The verdict on the 2004 State of the Union seems to be that President George W. Bush, in vigorously defending the policies of his administration, was appealing directly to his base of conservative American voters. But take a look at that conservative base these days and you’ll find a group that is bitterly divided.
While most agree on privatizing social security and cutting income taxes, and members of the Christian Right adore Bush’s pledge to "defend the sanctity of marriage," when it comes to the "war on terror" and the Pentagon’s burgeoning missions abroad, some other traditional conservatives are becoming increasingly critical of the president and his policies.
"The conservative movement’s been hijacked and turned into a globalist, internationalist, open-borders ideology which is not the conservative movement I grew up with," Pat Buchanan complained in September 2002 to The New York Times.
In his latest book, Wall Street Journal writer James Bovard calls the USA PATRIOT Act a "government license for tyranny." In Terrorism and Tyranny: Trampling Freedom, Justice and Peace to Rid the World of Evil, Bovard writes that after 9/11, "the Bush administration continually broadened the war. The response to attacks by a handful of killers is morphing into a campaign to vanquish all potential enemies of U.S. hegemony and to impose American political values on much of the world."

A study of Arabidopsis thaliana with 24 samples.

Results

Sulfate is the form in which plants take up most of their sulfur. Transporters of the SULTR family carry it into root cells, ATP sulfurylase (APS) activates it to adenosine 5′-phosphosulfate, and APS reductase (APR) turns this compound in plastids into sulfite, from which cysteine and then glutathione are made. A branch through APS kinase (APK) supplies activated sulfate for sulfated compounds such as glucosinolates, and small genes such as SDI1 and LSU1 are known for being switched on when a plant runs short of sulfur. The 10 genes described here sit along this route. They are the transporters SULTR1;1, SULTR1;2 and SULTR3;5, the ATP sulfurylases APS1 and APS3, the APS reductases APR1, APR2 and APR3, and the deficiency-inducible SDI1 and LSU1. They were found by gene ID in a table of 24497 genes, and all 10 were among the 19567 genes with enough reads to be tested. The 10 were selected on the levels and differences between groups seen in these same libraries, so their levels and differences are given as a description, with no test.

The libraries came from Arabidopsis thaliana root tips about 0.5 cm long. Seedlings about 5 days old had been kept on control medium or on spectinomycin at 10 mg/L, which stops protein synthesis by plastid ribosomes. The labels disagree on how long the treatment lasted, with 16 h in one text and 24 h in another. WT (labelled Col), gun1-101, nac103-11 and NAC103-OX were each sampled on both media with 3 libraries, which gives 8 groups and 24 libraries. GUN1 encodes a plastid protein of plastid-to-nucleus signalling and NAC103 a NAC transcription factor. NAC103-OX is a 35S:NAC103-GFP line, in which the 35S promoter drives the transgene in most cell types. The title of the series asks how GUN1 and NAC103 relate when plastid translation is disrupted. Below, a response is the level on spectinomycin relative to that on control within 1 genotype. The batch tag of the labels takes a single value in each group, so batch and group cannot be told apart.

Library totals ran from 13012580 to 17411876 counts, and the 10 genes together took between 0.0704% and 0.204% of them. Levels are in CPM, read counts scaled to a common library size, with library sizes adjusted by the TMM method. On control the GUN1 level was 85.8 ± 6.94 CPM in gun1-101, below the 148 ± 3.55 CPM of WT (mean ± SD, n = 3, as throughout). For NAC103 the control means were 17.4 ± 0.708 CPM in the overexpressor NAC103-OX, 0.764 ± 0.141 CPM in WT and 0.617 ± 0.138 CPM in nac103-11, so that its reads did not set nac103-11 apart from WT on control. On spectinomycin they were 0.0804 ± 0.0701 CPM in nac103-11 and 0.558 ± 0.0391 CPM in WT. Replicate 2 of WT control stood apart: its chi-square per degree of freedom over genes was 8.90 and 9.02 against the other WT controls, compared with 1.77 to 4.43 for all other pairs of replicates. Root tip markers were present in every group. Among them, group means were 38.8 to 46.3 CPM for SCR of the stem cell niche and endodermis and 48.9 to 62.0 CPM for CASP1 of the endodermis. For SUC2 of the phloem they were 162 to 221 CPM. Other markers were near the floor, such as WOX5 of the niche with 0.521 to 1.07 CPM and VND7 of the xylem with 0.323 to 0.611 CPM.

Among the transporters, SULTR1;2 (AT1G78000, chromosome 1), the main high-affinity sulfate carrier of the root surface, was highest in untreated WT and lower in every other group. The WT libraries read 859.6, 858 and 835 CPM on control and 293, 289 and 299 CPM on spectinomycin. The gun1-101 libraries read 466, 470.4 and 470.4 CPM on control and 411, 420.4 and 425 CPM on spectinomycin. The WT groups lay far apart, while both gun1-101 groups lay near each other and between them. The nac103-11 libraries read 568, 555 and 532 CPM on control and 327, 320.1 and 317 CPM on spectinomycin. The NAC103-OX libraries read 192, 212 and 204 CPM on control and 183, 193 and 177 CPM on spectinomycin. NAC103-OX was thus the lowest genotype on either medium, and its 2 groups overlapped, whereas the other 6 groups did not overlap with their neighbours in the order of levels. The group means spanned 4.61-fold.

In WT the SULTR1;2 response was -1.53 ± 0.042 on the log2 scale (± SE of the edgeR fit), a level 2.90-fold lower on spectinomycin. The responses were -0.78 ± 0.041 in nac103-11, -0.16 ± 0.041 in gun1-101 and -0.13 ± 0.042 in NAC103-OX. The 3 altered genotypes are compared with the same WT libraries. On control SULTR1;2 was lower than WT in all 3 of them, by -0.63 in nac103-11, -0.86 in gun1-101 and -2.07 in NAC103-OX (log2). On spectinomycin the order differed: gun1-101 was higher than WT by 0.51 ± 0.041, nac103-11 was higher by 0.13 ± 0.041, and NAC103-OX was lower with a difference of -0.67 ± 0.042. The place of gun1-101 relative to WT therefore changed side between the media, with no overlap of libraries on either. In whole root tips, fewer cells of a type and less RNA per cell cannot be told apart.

The "soul of the Patriot Act," writes Bovard, is "blind trust in the arbitrary power of federal agents and federal officials." And Bush is hoodwinking Congress: "The higher Bush’s approval ratings rose, the more contempt congressman showed for their oath of office—their pledge to uphold the Constitution."
On our radio program recently, Bovard took former Bush speechwriter David Frum to task for advocating expanding the war on terror in his recent book, with former assistant secretary of defense, Richard Perle, An End to Evil.Evil is a popular word with the American right, it seems, but there’s no agreeing what to do about it.
For years, all those who opposed the New Deal consensus more or less hung together—but no longer. The last time broadly defined conservatives were sniping at each other this vigorously, the disaffected broke away from the GOP and created their own party—the Libertarian Party was founded in 1971. A LIB-GOP divide could cost G.W. some critical voters in 2004.
Republicans-turned-Libertarian helped cost Slade Gorton his Washington Senate seat in 2000, they say, and they cast enough votes for Libertarian Party candidate Kurt Evans (S.D.) that if he hadn’t thrown his support the GOP’s way at the end, Evans’ libertarians could easily have cost the GOP that Senate seat in 2002.
Other libertarians—including movement leaders—are at least considering supporting a Democrat over Bush in 2004. Several said as much to Noah Schachtman in an article on The American Prospect Web site recently. There’s a "Libertarians for Dean" blog site thriving on the Internet.
Is the Conservative Coalition cracking up?
It’s possible. American Conservative magazine recently ran an article, "The Conservative Crack-Up" on their cover.
If the president pushes harder on issues libertarians hate—like policing marriage and restricting abortion—it will doubtless widen the conservative movement’s cracks. So bring it on, as Bush would say. A Constitutional Marriage Amendment may be just what Democrats need—not to shore up heterosexual coupling—but to bring down the conservative’s cold war marriage.
LAURA FLANDERS is the host of "Your Call" heard on KALW-FM in San Francisco, and author of Bushwomen: Tales of a Cynical Species, forthcoming from Verso Books.